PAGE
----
May 10, 2011
By Francis Bailey of Youth Media Guyana
In this article my mind turns to the streets of Guyana and what I intend to do is provide you with food for thought concerning our culture, identity, environment and future as Guyanese. The good, the bad and the ugly all form a picture. Today we look at child labourers, seemingly ubiquitous around the capital. These are some of the most vulnerable amongst us, enduring daily hardship to make a living yet theirs is a plight of which many take little notice. There are not many of us who have been to a market, the sea walls, a car wash or road side stall and not seen evidence children engaged in commercial activities.
To put it in perspective, child labour is defined by the International Labour Organization as being a “violation of fundamental human rights and has been shown to hinder children’s development, potentially leading to lifelong physical or psychological damage.” The Child Labour Convention (1999) defines a “child” as a person under18 years of age.
The causes of child labour are numerous and include poverty, community culture, absentee (non-supportive) fathers and uneducated parents but by and large working children come primarily from poor families in need of the extra income. The basic costs and extra financial pressure placed on the household with regards to attending school every day are also cited as the reasons many children go to work. A side effect of this is the temptation it provides to children who are going to school when they see their peers spending their own cash and appearing to be carefree.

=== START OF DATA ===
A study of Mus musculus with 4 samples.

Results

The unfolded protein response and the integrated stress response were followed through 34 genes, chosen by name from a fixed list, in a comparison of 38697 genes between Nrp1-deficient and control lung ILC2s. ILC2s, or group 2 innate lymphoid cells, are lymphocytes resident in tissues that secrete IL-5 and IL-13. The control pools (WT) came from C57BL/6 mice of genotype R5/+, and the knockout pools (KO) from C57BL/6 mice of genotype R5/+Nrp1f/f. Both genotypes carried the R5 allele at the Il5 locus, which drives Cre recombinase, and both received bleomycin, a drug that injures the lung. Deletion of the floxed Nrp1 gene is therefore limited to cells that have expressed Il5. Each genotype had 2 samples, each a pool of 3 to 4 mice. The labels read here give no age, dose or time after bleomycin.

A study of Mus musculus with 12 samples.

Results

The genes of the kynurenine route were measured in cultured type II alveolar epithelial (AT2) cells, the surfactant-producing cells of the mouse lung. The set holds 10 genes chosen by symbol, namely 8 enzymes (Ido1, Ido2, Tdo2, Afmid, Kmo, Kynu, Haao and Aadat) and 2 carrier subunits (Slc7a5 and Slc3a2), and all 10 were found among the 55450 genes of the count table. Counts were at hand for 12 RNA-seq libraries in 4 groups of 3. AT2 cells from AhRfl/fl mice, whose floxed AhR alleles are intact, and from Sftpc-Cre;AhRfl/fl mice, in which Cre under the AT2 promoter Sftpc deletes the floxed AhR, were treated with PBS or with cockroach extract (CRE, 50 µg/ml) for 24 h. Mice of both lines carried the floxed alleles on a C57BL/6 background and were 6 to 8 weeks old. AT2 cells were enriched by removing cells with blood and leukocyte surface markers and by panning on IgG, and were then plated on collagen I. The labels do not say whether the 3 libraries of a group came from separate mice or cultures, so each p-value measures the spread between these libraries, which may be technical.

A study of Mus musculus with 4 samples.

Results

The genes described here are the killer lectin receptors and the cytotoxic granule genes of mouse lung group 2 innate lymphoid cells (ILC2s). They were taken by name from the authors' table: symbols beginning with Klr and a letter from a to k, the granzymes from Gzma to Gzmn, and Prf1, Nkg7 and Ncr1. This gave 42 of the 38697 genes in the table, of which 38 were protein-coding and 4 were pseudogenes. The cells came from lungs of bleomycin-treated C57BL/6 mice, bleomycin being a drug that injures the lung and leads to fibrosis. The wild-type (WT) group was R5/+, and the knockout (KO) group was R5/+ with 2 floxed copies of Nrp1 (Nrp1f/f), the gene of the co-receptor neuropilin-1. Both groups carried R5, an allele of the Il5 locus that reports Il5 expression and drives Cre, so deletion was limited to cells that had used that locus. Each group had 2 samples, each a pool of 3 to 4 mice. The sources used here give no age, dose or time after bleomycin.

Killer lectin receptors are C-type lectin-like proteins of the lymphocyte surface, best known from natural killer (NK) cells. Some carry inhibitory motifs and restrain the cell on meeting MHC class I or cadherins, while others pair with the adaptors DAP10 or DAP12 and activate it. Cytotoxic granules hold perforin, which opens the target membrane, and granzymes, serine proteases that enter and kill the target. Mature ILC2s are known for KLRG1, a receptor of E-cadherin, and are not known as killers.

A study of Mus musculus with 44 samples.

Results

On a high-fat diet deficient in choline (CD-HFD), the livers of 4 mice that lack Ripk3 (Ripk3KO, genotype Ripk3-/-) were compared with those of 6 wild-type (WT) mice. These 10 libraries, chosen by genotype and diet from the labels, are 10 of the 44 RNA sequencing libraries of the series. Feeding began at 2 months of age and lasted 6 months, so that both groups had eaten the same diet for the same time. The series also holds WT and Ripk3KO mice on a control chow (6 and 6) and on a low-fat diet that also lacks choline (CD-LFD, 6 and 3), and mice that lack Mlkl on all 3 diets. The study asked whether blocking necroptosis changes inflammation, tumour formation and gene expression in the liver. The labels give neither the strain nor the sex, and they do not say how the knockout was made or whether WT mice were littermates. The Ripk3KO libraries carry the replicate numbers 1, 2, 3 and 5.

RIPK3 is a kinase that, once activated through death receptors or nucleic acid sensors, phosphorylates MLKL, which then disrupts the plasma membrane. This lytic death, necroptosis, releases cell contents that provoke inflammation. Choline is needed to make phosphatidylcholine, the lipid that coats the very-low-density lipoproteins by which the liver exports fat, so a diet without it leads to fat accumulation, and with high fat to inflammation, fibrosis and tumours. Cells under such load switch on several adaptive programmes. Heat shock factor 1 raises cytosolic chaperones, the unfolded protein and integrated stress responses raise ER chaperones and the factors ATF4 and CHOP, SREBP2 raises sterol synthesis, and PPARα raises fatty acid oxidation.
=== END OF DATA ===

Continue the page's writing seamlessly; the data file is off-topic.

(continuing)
Work by minors in the domestic sphere is considered one of the worst forms of child labour, as several violations of their rights are combined, such as separation from the family environment, obstacles to education, lack of contracts and prevalence of excessively long workdays according to the Child Rights Information Network.
Generally, many child labourers are exposed to dangerous work in the form of heavy workloads, inappropriate use of agrochemicals and cutting tools, as well as other physical hazards with constant exposure to physical and sexual abuse especially in the case of girls. Not many child labourers in Guyana earn above $1,000 (US$5.00) per day and from this many help support their families. The combination of the lack of a sound education and a constant shortage of resources compels many children to live a life working low paying jobs, frustrated by a lack of social mobility. To paraphrase one of the most recent studies on child labour in Guyana ‘these have serious implications for the post-millennium Guyanese society in areas ranging from violence, crime, employment and exploitation.’ Even though some organizations such as The International Programme on the Elimination of Child Labour (IPEC), World Bank financed SIMAP and Food for the Poor have made a massive impact in helping the poor, a root cause of child labour, there is still more we can all do.
Cultural attitudes towards children and work expectations are also obstacles we face as a society. Many people still do not see child labour as undesirable but as a way of socializing young children in society and as such don’t speak up about it. I hope we undergo a change in perspective to the point where we truly understand a childhood cannot be replaced, a sound education is priceless (most child labourers surveyed expressed a wish to go back to school) and that child labour itself is an expression of poverty which itself needs to be tackled as a root cause.
Increased family incomes, education that helps children learn even vocational skills, improved social services and family planning are all some solutions to child labour. While it is important we see child labour as a Global problem (246 million aged 5 – 17 as of 2000), it is also very important that we realize every country and every citizen has a personal responsibility to help bring about its eradication. Lend your voice to the cause.